Important PPP Repayment Updates for Small Business Owners
On June 16, 2020, the SBA announced new rules for business loans under the Paycheck Protection Program (“PPP”) Flexibility Act. Business owners struggling with the complicated PPP forgiveness process may be relieved that these changes make the program more flexible and alleviate some of the more burdensome requirements for borrowers:
The SBA’s Revised Rule changes the “covered period” for some PPP loan requirements. Some business owners may have missed out on the original “covered period” that ended June 30, 2020, referring to the window of time during which businesses could spend their PPP loan funds. This period now extends to December 31, 2020 for loan use, loan eligibility, and related requirements, so borrowers that had yet to fully use their loans before the original expiration date will now have that opportunity through the end of the year.
The SBA’s Revised Rule extends the minimum loan maturity to 5 years. Previously, borrowers needed to fully repay their loans by the end of a 2-year maturity period, when the loan terminated. Thanks to the current revision, however, business owners receiving loans on or after June 5, 2020 will now have a loan maturity of 5 years, allowing them to pay smaller installments over a longer period of time. Borrowers who received loans prior to June 5, 2020 will also have the option to extend their repayment period from 2 years to the new minimum of 5 years, but they’ll need approval from their lenders.
The SBA’s Revised Rule extends the deferral period for PPP loans. Business owners now have more time before they have to start repaying any unforgiven portions of their PPP loans. Although interest will still be accruing, business owners will not be required to start repaying PPP funds until the end of both a 24-week “loan forgiveness covered period” from when the loan is disbursed (though it will not extend later than December 31, 2020), giving borrowers much more time to qualify expenses for forgiveness than under the previous 8-week period, and a 10-month deferment period starting at the end of the covered period. The rule does still allow borrowers to opt into the previous shorter qualifying period of only 8 weeks if they so choose.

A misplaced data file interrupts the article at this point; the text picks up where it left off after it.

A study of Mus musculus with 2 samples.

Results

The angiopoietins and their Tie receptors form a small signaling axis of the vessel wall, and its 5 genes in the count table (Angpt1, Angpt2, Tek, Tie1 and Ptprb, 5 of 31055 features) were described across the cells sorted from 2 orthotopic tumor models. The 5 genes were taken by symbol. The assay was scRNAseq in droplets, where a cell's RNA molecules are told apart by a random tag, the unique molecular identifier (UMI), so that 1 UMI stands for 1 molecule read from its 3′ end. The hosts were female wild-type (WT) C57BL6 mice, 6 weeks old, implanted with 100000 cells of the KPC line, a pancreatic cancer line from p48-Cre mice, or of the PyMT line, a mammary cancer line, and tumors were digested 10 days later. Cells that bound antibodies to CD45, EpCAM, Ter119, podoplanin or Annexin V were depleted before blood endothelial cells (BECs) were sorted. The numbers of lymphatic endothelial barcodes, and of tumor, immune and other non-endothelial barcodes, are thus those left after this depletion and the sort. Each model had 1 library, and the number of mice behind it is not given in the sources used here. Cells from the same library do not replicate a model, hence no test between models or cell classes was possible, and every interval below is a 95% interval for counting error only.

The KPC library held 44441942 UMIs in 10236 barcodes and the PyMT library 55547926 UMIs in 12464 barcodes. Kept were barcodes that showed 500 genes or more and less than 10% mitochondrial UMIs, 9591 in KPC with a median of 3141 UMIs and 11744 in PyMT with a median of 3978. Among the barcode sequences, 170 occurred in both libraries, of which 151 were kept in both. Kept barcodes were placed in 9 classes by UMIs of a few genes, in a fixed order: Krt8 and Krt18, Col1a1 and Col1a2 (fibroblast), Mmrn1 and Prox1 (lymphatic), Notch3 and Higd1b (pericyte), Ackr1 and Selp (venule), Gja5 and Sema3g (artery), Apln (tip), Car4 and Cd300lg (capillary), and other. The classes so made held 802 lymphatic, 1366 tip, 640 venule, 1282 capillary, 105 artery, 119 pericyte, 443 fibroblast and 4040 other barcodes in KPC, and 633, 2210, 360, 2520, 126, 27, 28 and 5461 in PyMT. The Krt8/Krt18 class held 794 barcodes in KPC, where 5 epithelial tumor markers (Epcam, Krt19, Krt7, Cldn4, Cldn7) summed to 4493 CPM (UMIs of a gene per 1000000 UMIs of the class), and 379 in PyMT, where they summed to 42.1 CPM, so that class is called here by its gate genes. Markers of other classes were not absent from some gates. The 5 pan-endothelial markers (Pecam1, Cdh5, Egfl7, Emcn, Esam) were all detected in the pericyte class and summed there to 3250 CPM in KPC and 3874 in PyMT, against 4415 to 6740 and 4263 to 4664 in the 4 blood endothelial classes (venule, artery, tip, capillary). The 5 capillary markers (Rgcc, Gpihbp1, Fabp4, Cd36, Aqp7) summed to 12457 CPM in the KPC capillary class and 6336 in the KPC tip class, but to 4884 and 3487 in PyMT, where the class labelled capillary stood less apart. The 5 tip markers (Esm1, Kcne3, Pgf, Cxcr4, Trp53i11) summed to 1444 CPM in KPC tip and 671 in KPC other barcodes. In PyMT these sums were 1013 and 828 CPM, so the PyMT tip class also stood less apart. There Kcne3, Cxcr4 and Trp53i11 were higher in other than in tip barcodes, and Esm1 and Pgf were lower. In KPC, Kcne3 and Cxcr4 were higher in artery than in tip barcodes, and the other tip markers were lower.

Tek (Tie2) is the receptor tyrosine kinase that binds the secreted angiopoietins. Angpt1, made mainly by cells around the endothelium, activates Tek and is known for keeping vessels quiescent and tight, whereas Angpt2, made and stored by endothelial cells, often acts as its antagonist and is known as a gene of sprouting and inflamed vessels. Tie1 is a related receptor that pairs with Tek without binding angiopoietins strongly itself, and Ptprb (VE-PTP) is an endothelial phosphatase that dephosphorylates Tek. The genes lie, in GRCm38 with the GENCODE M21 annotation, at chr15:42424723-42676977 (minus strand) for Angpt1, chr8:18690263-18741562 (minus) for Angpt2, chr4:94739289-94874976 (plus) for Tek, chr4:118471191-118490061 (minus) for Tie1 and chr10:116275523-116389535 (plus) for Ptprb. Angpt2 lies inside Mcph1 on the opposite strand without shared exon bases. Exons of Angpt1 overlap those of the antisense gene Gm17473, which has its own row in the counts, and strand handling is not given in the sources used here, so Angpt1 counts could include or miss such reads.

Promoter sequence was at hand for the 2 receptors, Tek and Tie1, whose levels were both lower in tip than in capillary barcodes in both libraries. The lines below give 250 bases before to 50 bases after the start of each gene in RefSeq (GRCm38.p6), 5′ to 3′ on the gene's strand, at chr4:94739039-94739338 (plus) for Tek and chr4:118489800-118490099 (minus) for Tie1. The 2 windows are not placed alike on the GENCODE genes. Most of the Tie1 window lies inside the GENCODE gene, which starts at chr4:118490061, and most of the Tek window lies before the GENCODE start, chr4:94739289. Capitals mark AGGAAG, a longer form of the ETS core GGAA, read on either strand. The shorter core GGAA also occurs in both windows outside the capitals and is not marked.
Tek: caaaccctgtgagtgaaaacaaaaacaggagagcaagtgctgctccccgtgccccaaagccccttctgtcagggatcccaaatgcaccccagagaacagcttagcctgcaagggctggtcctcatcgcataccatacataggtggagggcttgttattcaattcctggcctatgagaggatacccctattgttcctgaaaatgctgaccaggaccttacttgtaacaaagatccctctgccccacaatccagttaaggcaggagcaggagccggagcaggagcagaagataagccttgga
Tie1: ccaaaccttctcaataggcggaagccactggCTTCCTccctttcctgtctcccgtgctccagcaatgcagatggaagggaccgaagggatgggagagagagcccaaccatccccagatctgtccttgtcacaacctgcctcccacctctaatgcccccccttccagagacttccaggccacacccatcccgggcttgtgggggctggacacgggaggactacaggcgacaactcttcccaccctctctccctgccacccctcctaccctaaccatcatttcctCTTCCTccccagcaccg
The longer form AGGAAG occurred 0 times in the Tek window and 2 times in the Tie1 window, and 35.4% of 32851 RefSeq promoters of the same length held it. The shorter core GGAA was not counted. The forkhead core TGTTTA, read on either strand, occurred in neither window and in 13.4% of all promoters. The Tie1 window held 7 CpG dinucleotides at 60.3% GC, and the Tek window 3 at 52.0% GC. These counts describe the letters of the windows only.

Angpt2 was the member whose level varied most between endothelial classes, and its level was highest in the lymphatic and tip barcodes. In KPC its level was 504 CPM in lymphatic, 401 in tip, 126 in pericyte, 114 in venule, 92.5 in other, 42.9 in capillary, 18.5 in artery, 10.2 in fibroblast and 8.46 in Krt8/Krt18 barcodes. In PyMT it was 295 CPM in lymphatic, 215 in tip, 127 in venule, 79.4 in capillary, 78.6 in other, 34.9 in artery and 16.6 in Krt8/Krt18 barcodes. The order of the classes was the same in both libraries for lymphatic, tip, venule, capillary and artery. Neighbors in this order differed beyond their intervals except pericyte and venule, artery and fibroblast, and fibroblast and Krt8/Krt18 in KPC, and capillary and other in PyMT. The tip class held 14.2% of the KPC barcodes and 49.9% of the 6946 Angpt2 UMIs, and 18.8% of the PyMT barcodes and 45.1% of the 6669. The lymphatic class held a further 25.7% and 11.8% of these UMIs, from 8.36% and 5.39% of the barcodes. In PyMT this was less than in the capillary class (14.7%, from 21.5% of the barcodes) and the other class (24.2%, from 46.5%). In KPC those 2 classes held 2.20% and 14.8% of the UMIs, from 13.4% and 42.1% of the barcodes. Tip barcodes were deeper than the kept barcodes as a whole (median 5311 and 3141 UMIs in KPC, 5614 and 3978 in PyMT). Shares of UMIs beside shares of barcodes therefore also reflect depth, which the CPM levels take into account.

The SBA’s Revised Rule provides more leniency for loan forgiveness by reducing the amount of the loan that must go toward payroll expenses. One of business owners’ biggest headaches when determining their eligibility for PPP loan forgiveness has been the mandatory percentage of the loan they are required to use for “payroll expenses” (CARES Act, §1102(a)(36)(A)(viii)). Now, business owners will be relieved to find a more lenient interpretation of this threshold. Rather than requiring borrowers to spend 60% of their total loan funds on payroll expenses to qualify for loan forgiveness at all, this updated rule removes that harsh penalty and allows for partial forgiveness. Business owners who fail to meet this threshold for total loan forgiveness will still be eligible for partial forgiveness based on the requirement that 60% of the amount forgiven must be spent toward payroll.
The SBA’s Revised Rule creates a loan forgiveness safe harbor for employers who cannot rehire previous full-time employees. Many business owners who received PPP funds but were not able to maintain previous employee and business capacity levels faced the penalty of a reduction in their forgivable loan amount. Fortunately, this revised rule creates a safe harbor for borrowers who show in good faith that they are unable to rehire previously employed individuals or new similarly qualified employees, meaning that their loan forgiveness amount will not be limited based on that reduction in capacity.
Although this revised rule will make many business owners’ lives easier, it could create complications for business owners who already submitted their repayment forms and now may qualify for more generous terms. If you have concerns about how these changes affect your business’s repayment obligations, our legal team is here to help. Schedule a consultation at our website.